San Finx Mining Museum

Una oportunidad extraordinaria de viajar en el tiempo y en la memoria de un pueblo

The recreation of a mining town, with museum spaces and a great respect for personal stories make up a unique space that will allow you to travel back in time through the history of mining, discovering all its ups and downs, its contrasts, its feverish periods and with the common denominator of the effort of some people to obtain the valuable mineral from the depths of the earth. This is undoubtedly one of the most curious industrial tourism products in Galicia.

The mining site of San Finx is present in the universal history of mining since the Bronze Age, with an essential role in the trade of the Phoenicians. In the late Middle Ages, the exploitation of tin continued to be recorded, probably destined for the workshops of tin and silver goldsmiths in Santiago de Compostela. However, it was at the end of the 19th century that San Finx acquired greater historical importance, with the creation of the British-owned company The San Finx Tin Minies Limited: the first tungsten mining operation in Spain and one of the first in Europe. The mine was equipped with the most advanced technical facilities and provided stable employment for 400 people. In 1940, the mine became the property of the Spanish capital company Industrias Gallegas S.A. In World War II, with the so-called tungsten fever, San Finx became an industrial focus of strategic interest. After the war, production normalised and continued until 1990, when mining was suspended and resumed in 2015.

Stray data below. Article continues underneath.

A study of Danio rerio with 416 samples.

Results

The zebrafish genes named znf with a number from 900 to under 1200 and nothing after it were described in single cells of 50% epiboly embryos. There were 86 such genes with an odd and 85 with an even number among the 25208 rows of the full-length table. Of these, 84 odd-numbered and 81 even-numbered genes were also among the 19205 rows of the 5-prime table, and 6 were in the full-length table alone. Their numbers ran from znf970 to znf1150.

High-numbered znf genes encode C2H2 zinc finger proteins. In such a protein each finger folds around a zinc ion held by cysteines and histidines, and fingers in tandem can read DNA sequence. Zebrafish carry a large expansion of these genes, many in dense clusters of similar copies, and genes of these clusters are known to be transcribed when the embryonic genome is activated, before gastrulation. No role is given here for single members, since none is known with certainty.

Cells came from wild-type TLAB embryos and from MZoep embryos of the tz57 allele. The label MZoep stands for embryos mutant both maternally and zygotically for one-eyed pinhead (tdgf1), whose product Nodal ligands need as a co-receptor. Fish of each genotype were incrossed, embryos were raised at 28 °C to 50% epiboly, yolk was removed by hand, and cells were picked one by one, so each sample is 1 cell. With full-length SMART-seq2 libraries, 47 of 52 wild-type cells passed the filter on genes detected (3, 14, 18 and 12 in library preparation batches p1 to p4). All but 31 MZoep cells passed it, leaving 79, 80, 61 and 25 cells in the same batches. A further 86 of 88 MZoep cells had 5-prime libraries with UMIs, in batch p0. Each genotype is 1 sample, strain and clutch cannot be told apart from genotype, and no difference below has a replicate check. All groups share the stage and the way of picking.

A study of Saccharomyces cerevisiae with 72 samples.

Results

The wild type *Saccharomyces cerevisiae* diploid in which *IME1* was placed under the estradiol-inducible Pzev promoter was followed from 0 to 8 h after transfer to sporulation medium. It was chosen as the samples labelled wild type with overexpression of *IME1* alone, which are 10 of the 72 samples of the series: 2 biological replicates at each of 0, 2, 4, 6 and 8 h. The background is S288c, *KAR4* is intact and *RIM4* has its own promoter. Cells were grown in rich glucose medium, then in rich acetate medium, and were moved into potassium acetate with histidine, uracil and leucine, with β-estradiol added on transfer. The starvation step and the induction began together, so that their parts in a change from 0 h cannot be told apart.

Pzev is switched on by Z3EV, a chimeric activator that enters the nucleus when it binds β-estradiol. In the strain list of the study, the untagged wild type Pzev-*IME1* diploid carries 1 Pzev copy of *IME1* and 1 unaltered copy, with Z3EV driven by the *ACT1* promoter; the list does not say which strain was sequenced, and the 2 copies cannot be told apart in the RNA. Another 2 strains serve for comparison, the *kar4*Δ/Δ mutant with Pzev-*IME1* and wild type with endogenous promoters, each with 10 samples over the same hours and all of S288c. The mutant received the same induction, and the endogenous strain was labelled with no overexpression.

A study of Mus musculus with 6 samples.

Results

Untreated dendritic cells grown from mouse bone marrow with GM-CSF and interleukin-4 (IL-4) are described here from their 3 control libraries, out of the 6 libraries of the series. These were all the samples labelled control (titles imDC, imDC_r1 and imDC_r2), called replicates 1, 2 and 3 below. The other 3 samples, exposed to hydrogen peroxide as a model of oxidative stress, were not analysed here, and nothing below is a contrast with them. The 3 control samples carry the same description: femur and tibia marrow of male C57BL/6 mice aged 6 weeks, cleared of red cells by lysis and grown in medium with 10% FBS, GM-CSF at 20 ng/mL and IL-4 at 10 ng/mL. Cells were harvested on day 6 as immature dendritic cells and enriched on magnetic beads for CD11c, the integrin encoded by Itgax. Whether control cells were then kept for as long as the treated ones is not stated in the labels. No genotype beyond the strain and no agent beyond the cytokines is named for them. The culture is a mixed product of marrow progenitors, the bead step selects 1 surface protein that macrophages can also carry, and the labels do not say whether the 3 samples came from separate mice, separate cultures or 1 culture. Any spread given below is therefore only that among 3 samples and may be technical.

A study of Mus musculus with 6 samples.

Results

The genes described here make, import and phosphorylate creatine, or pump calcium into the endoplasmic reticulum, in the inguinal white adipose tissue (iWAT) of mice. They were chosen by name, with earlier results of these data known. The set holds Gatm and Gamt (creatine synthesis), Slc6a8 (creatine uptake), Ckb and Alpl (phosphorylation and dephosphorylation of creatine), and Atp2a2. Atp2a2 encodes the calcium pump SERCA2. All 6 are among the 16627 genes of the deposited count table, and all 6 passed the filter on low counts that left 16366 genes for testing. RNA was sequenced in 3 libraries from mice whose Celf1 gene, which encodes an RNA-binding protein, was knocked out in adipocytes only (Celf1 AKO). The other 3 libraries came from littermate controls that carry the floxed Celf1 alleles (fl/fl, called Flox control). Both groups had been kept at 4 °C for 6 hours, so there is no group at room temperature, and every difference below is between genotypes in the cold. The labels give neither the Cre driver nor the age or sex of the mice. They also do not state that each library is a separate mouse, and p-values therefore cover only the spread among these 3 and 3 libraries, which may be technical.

The San Finx deposit was declared a Point of Geological Interest by the Spanish Geological Mining Institute, and its surroundings represent a natural area of great beauty and biological interest. It is an area made up of quartz seams that extend for about two kilometres. Its composition indicates relatively low formation temperatures (200ºC to 300ºC) and it is rich in tin and tungsten, which are rare in European deposits.

With respect to the industrial mining heritage, San Finx consists of a set of workings, equipment and installations that reflect the evolution of the mine over more than a century of activity. In addition to the surface workings from ancient times and the more recent shafts, the preserved constructive elements (warehouse, gravimetric wash house, compressor building and electrical hook-up, framework of the new shaft…) are also of note. In this industrial archaeology, it is also worth noting the existence of equipment, some of which is still in perfect use, such as cross-belt magnetic separators, a tin smelting furnace and a compressor, among others.